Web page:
A large bell hangs in the clock tower overlooking the now quiet campus of Morris Brown College. Its inscription reads, in part, Dedicated to the Education of Youth, Without Regard to Sex, Race or Color. Founded by African Americans in 1881, Morris Brown lost its accreditation to financial pressures and scandal in 2002. Today its campus is largely abandoned.
Andrew Feiler was granted unique access to Morris Brown’s hauntingly silent campus. His documentary artistic photography portrays a proud past, a challenging present and an uncertain future, not only for this one institution but for all of America’s historically black colleges and universities (HBCUs). More broadly, this work offers a new way into the debate raging in our society about the essential role education has played as the foundation of the American Dream. That tradition and legacy are now at risk. Too many Americans cannot afford to go to college. Too many Americans are being crushed by college debt. Too many of these American dreams cannot be fully realized.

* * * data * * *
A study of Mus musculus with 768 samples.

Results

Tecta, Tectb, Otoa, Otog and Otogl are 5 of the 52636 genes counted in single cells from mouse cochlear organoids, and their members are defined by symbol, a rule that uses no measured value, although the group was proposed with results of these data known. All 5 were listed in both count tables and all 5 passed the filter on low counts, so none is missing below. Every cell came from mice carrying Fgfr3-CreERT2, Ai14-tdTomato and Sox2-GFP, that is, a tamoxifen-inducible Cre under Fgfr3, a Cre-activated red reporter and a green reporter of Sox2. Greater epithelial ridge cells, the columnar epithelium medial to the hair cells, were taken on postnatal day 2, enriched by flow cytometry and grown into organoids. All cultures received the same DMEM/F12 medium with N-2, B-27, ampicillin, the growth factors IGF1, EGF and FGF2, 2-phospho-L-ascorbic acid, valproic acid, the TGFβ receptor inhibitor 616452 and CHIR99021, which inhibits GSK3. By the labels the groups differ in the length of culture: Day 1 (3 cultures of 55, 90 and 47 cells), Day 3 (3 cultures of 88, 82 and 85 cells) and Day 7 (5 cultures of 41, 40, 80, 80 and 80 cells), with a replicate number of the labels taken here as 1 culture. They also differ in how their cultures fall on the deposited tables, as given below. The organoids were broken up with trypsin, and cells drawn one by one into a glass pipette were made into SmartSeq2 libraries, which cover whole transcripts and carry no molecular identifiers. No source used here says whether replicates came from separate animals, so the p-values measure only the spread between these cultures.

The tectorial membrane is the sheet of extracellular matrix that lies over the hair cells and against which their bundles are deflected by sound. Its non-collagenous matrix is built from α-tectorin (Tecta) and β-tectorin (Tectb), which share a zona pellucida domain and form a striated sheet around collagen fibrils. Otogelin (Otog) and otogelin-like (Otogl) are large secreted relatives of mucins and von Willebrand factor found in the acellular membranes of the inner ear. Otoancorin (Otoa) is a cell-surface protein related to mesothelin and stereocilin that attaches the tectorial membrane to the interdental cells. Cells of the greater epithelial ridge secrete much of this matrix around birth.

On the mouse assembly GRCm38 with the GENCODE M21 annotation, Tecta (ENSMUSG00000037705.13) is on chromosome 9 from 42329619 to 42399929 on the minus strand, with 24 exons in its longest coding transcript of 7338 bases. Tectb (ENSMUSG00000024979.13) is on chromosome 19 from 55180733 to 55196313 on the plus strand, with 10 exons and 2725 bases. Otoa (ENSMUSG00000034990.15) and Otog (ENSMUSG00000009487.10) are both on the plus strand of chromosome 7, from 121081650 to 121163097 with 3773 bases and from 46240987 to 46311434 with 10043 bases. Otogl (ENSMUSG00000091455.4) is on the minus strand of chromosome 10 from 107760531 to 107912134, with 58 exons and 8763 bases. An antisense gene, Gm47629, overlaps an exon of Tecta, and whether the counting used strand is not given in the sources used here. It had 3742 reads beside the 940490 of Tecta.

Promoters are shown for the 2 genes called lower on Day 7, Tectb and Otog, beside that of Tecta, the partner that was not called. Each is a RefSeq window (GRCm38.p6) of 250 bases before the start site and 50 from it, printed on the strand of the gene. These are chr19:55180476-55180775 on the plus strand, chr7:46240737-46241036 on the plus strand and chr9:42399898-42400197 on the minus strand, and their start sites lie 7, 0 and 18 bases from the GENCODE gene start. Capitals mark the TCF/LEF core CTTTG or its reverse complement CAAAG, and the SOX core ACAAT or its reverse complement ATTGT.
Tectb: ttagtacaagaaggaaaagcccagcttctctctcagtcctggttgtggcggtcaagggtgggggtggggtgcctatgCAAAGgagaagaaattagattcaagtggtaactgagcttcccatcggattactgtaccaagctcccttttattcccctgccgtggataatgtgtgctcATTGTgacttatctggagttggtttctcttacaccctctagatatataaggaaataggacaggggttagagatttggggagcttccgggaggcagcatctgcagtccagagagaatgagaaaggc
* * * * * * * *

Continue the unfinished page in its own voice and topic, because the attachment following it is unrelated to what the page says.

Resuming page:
A book of this work has just been published by the University of Georgia Press in association with the Georgia Humanities Council. Andrew Feiler will discuss his book and share his experience with the book publishing process.
Andrew Feiler is a fifth-generation Georgian. Having grown up Jewish in Savannah, he and his art have been shaped by the rich complexities of the American South and of being a minority in the South: history and culture, geography and race, tradition and conflict, injustice and progress. Andrew's photographs have won numerous awards. His work has been featured in museums, galleries, and magazines and is in a number of private collections. He earned his master's in American history from Oxford University and his master's in business administration from Stanford University. More of his photography can be seen at andrewfeiler.com.